Session B2

Research Data Management Infrastructures: Facilitating Access and Preservation


  • Research Data Management


  • Adelheid


  • Stuart Macdonald
    University of Edinburgh


Using the New SDA to Make Data More Accessible

  • Tom Piazza
    University of California - Berkeley

A major revision of the SDA online analysis system will be released this year (version 4.0). It includes new features both for data archives and for the end users of the data such as researchers and students. For data users, there will be an updated user interface with richer, more dynamic components and a more modern look. At the same time, this will simplify the interface for beginning users by hiding more advanced options until they're needed. Users will also be able to store computed and recoded variables in personal workspaces (with archive permission). For data archives, the new SDA will simplify the setup of an SDA data archive by replacing the current combination of CGI programs and Java servlets with a single servlet-based Java Web application. In addition, a new "sdamanager" application will provide a unified control panel for all SDA archive management functions: creating and configuring SDA datasets, managing search options, etc. From this control panel, archive managers will also be able to specify easily which users can access which datasets. Note that existing SDA datasets will not have to be modified. We will demonstrate these new features during the presentation.

Research Data Management with DATORIUM. Filling a Gap by Developing a Data Sharing Repository at GESIS - Leibniz Institute for the Social Sciences

  • Monika Linne
    GESIS - Leibniz Institute for the Social Sciences

One of the current projects for digital data preservation at the Data Archive of GESIS - Leibniz Institute for the Social Sciences is the data sharing repository DATORIUM. This repository will serve as a web-based software that enables researchers to manage, document, archive and publish their data and structured metadata autonomously. The data will be freely accessible for the scientific community, so that the culture of data sharing, which has been supported and promoted by the Data Archive over the past 50 years, will be pushed forward and facilitate the re-use of the archived data. The pursued aims of DATORIUM are to ensure long-term preservation of the data and metadata as well as wide-ranging dissemination possibilities for scientists in order to increase the visibility and availability of their research projects. By facilitating access to their research data scientists can support new research or secondary analysis and beyond that they profit from the rise of citations of their work and therefore improve their reputation. According to one of the core priorities of the Data Archive, which is to ensure high quality of the provided data and metadata, the uploaded material in DATORIUM will be reviewed by defined quality criteria.

Research Data Management using CKAN: A Datastore, Data Repository and Data Catalogue

  • Joss Winn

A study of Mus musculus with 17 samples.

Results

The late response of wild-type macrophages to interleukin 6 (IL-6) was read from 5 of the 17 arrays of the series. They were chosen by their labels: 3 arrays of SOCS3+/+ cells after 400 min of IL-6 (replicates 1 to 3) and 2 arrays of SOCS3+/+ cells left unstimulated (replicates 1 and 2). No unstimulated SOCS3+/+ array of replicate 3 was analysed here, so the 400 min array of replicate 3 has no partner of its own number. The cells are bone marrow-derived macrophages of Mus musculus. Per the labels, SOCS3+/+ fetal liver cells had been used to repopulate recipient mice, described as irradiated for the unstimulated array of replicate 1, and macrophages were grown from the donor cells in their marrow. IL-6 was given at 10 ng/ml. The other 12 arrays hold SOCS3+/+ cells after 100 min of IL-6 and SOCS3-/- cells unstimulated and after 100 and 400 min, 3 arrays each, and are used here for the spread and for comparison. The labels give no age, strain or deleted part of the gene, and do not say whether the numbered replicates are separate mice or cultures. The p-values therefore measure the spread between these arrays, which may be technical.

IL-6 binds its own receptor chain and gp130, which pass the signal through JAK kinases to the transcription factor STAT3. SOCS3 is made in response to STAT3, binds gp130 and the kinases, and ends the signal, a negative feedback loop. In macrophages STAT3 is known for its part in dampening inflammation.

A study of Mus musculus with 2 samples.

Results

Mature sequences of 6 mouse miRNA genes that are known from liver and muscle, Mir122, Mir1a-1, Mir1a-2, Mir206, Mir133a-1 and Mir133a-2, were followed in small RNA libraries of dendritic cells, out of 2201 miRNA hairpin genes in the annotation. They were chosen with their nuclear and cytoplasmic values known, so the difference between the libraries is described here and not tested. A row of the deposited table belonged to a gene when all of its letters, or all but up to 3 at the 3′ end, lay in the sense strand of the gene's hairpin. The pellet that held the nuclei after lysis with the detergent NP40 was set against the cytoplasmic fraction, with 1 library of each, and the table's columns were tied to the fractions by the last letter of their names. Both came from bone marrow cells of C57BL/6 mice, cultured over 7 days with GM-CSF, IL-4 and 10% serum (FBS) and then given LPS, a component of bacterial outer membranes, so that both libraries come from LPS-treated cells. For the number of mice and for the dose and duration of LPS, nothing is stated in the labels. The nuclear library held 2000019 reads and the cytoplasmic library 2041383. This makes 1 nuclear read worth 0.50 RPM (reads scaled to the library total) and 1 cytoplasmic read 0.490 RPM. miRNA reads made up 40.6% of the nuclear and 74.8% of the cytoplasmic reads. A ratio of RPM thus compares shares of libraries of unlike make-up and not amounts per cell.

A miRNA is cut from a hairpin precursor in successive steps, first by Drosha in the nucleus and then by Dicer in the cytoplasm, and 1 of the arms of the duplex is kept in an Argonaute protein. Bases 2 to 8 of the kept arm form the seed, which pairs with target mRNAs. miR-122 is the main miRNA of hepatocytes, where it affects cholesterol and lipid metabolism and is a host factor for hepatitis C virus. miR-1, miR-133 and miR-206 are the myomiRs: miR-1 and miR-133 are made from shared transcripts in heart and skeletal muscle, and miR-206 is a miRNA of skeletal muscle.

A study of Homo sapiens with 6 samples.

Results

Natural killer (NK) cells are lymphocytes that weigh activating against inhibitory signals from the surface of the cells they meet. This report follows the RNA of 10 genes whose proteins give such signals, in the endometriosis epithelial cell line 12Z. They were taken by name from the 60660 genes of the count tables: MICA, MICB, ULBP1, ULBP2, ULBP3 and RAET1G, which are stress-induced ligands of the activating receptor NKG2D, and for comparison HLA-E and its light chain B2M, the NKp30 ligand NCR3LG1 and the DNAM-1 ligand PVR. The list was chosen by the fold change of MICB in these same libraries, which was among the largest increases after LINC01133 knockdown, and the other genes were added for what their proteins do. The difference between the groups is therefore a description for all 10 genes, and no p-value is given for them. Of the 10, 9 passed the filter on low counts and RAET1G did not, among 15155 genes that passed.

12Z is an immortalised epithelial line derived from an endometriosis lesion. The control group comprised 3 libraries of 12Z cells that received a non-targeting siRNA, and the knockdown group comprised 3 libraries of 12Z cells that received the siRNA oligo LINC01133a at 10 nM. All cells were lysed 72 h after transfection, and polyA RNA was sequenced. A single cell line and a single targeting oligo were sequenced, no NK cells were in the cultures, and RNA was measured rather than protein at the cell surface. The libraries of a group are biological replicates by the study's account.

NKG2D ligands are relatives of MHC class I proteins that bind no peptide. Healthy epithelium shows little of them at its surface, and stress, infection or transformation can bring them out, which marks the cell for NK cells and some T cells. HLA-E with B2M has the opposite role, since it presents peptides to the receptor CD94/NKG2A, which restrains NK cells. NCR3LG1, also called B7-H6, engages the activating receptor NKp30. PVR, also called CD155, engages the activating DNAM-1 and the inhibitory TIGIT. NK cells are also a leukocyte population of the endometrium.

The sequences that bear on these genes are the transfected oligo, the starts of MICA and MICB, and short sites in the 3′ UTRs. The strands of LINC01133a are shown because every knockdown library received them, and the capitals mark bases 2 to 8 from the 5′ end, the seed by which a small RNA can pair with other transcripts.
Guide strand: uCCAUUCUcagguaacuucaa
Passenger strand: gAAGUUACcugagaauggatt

University of Lincoln

This paper offers a full and critical evaluation of the open source CKAN software (http://ckan.org) for use as a Research Data Management (RDM) tool within a university environment. It presents a case study of CKAN's implementation and use at the University of Lincoln, UK, and highlights its strengths and current weaknesses as an institutional Research Data Management tool. The author draws on his prior experience of implementing a mixed media Digital Asset Management system (DAM), Institutional Repository (IR) and institutional Web Content Management System (CMS), to offer an outline proposal for how CKAN can be used effectively for data analysis, storage and publishing in academia. This will be of interest to researchers, data librarians, and developers, who are responsible for the implementation of institutional RDM infrastructure. This paper is presented as part of the dissemination activities of the Jisc-funded Orbital project (http://orbital.blogs.lincoln.ac.uk)

Harnessing Data Centre Expertise to Drive Forward Institutional Research Data Management: A Case Study from the University of Essex

  • Thomas Ensom
    UK Data Archive

The Research Data @Essex project, funded under the Jisc MRD Program, piloted a research data management and sharing infrastructure at the University of Essex. The project team was led by the UK Data Archive in collaboration with support services at the University. It built on the Archive's extensive experience in enabling data re-use, now being carried forward by the new UK Data Service. The project demonstrated that an exchange of knowledge between data centers and institutional data services is mutually beneficial, particularly in accelerating institutional infrastructure development. A major focus was the development of an institutional research data repository based on the EPrints software. Key among our innovations has been the expansion of the EPrints metadata profile, to allow the capture of detail necessary for describing diverse research data, while also meeting relevant standards. The metadata profile adopted is compliant with DataCite and INSPIRE schemas, and also leverages the descriptive power of the Data Documentation Initiative (2.1) schema, in a novel use of metadata developed within the social science community. Our solution offers a full-featured and easy to deploy data repository package, now being explored as replacement for the technology behind the UK Data Service's ESRC Data Store self-archiving facility.